Benedict, 82, wasn't hurt and delivered his traditional Christmas Day greetings in 65 languages from the loggia overlooking St. Peter's Square. While a bit unsteady at first, he also delivered a short speech about the world's trouble spots without problem.
The incident raised fresh questions about security for the pontiff, however, after officials said the woman involved. She even wore the same red-hooded sweat shirt.
Italian officials also remarked on the odd similarity of the breach to an assault two weeks ago on Premier Silvio Berlusconi by a man with a history of psychological problems. The attack in Milan broke the premier's nose and two teeth.
The Vatican identified the woman involved in Thursday night's incident as Susanna Maiolo, 25, a Swiss-Italian national with psychiatric problems who was immediately taken to a clinic for treatment. Efforts to obtain further details on Maiolo's background were unsuccessful, with Vatican and hospital officials citing privacy laws.
In the 2008 case, the woman never managed to reach the pope and was quietly tackled by security. During Thursday night's service, the pope's attacker launched herself over the barricade as Benedict processed down the aisle at the start of Christmas Eve service. As security guards wrestled her to the ground, she grabbed onto Benedict's vestments, bringing him down with her.
Virtually anyone can get into a papal Mass: Tickets are required but are easy to get if requested in advance. Identification cards are not necessary to gain entrance, although visitors must pass through a metal detector.
The Rev. Federico Lombardi said it's not realistic to think the Vatican can ensure 100 percent security for the pope considering he is regularly surrounded by tens of thousands of people for his weekly audiences, Masses, papal greetings and other events.
"It seems that they intervened at the earliest possible moment in a situation in which 'zero risk' cannot be achieved," he said.
The Vatican's security officials will nonetheless review the episode and "try to learn from experience," Lombardi told The Associated Press.
It was the first time a potential attacker has come into direct contact with Benedict during his nearly five-year papacy. Security analysts have frequently warned the pope is too exposed in his public appearances, but Lombardi noted that they are a necessary part of the job.
"People want to see him up close, and he's pleased to see them closely too," Lombardi said. "A zero risk doesn't seem realistic in a situation in which there's a direct rapport with the people."
While Benedict was unhurt in the fall, a retired Vatican diplomat, French Cardinal Roger Etchegaray, 87, fractured his hip in the commotion. He will be operated on in the coming days at Rome's Gemelli hospital, said Nicola Cerbino, a hospital spokesman.
Etchegaray, emeritus archbishop of Marseille who headed the Vatican's justice and peace and charity offices before retiring, was seen leaving the basilica in a wheelchair after the fall. Despite the fracture, his condition was "good," Lombardi said.
Rome Mayor Gianni Alemanno remarked on the "strange" coincidence in the recent security breaches, saying "We need in some way to be more vigilant over all, because in an open and globalized world, the number of unbalanced people and their aggressiveness can increase."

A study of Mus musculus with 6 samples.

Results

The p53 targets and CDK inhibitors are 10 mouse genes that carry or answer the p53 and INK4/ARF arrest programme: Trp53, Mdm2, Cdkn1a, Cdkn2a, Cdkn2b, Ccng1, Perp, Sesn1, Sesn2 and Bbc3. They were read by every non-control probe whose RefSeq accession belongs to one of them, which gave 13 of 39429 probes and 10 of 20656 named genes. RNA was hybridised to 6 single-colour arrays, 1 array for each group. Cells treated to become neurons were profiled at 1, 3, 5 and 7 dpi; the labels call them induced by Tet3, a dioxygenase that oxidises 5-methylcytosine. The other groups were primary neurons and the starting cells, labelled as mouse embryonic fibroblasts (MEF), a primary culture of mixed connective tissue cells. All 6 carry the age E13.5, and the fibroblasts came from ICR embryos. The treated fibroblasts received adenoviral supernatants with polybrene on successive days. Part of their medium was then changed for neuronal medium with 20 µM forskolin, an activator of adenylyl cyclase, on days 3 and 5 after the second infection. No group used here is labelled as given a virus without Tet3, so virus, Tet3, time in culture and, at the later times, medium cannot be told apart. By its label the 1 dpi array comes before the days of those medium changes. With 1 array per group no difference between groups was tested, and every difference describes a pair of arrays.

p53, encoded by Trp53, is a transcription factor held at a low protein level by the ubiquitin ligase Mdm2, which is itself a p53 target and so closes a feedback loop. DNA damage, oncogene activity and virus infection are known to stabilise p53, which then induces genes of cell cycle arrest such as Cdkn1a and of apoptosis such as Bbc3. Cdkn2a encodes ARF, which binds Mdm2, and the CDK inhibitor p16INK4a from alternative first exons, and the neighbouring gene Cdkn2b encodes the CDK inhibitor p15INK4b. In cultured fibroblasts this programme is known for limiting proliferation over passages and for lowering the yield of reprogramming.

There have been other security breaches at the Vatican.
In 2007, during an open-air audience in St. Peter's Square, a mentally unstable German man jumped a security barrier and grabbed the back of the pope's open car before being swarmed by security guards.
Then there was the assassination attempt against Pope John Paul II by Turkish gunman Mehmet Ali Agca in 1981. John Paul suffered a severe abdominal wound as he rode in an open jeep at the start of his weekly audience in the Vatican piazza.
The pope is protected by a combination of Swiss Guards, Vatican police and Italian police. When he moves around St. Peter's Square during his weekly Wednesday audience, he does so in an uncovered white jeep; when he travels overseas or outside the Vatican, he usually uses one outfitted with bulletproof glass.
Since the Sept. 11, 2001 attacks on the U.S., the Vatican has tightened security at events where the pope is present. All visitors must pass by police to get into the square, with those entering the basilica going through metal detectors or being scanned by metal-detecting wands.
However, Sister Samira, an Indian aide to Vatican officials who attended the service and saw the incident, said she is never searched by security when she attends papal Masses, and said the same holds true for other people in religious garb.
Benedict has been remarkably healthy during his pontificate, keeping to a busy schedule and traveling around the world.
But in July, he broke his wrist during a late-night fall while vacationing in an Alpine chalet and had to have minor surgery and wear a cast for a month an episode that highlights the risk he ran in Thursday's tumble.
Benedict celebrated this year's Christmas Eve Mass two hours earlier than the usual midnight starting time in a move by the Vatican to ease the pontiff's busy holiday schedule.
His next major appearance is scheduled for Sunday, when he joins homeless people at a Rome soup kitchen for lunch. In addition, he is due to preside over a vespers service on Dec. 31, celebrate Mass on New Year's Day and another one to mark Epiphany on Jan. 6, and then baptize babies in the Sistine Chapel on Jan. 10.